House Democrats want the special counsel to testify about his 22-month investigation of President Donald Trump’s campaign ties to Russia and apparent efforts to obstruct justice, but the White House has asserted executive privilege over Mueller’s full report and the underlying evidence.


“So Barr’s claim (Thursday) morning that it was up to Mueller whether to testify was, at best, deeply misleading. Again,” said Matthew Miller, a former Justice Department spokesman.

Joyce White Vance, a former U.S. Attorney for the Northern District of Alabama, agreed the attorney general had ruined his credibility.

“I’m starting to think we can’t trust anything this Attorney General says,” she said.


“I don’t think people understand how hard it is for someone like you (& me) to say something like that,” Rocah said.


“Beyond hard, right?” Vance said. “I worked for every Attorney General starting with Thornburgh in 1991 and ending with Lynch in 2017.”



GOP legislator Ashley Henley, who lost by 14 votes, asked the Republican-controlled statehouse to overturn the results based on her claims of election irregularities, and that's not the first time in U.S. history that whites have sought to punish black politicians for winning, reported The Guardian.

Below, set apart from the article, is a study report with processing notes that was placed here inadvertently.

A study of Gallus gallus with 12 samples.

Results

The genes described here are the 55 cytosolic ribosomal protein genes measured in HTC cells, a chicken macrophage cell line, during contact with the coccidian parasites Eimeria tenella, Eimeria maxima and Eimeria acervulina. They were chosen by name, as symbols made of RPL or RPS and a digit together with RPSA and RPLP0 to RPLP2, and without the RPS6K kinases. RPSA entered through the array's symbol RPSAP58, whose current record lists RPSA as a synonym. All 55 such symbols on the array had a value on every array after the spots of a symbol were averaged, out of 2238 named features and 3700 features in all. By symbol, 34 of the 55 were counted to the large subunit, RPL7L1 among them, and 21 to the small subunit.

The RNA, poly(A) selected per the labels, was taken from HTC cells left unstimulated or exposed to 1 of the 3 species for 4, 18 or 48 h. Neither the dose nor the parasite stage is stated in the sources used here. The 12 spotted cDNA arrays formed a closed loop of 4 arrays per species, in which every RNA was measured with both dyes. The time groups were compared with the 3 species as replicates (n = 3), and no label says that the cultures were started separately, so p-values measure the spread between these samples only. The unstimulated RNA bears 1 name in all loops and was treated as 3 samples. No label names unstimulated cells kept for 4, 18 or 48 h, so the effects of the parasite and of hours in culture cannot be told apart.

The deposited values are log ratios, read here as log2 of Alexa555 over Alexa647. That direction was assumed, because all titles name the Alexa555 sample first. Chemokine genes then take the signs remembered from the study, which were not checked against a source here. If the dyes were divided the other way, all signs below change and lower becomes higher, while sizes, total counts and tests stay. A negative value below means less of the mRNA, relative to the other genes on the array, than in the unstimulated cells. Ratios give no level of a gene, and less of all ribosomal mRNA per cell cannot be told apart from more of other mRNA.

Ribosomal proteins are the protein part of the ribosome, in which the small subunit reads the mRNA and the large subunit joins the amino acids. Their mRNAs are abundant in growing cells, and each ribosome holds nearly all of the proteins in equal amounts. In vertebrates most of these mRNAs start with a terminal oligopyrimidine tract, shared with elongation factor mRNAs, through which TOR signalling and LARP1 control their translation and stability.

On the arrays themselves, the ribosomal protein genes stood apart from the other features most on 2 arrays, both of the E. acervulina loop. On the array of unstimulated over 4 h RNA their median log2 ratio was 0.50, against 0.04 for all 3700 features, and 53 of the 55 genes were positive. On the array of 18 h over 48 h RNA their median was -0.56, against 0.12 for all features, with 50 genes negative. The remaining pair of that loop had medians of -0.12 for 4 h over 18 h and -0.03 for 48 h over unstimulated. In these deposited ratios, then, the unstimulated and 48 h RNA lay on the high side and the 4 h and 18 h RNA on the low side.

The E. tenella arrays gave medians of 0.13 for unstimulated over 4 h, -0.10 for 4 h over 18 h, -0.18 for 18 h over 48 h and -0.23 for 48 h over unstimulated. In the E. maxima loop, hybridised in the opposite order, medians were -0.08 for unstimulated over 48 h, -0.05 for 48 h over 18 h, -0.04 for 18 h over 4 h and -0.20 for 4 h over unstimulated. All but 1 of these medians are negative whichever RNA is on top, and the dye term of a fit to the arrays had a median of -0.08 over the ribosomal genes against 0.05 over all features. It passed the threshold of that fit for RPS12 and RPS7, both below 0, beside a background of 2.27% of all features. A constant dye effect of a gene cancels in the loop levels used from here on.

Speaking with host Joe Scarborough, Baker filled in the blanks from his Times report, saying the president is obsessed with the impeachment hearings and Senate trial still to come.

Asked by host Scarborough about Trump's "humiliation," Baker said, "He can count on the Republican-controlled Senate to hold the trial where he seems almost certain to be acquitted, or at least see the charges dismissed in some fashion."



According to NBC, "In a surprise move, Judiciary Committee Chairman Jerrold Nadler delayed the vote until Friday morning at 10 a.m. after more than 14 hours of debate. There were five votes on Thursday: one to eliminate the first article on abuse of power, a second to strike a reference to former Vice President Joe Biden, a third to note the aid withheld from Ukraine was eventually released, a fourth to strike entire second amendment on obstruction of Congress and a fifth to strike the last lines in each article. All were voted down and along party lines."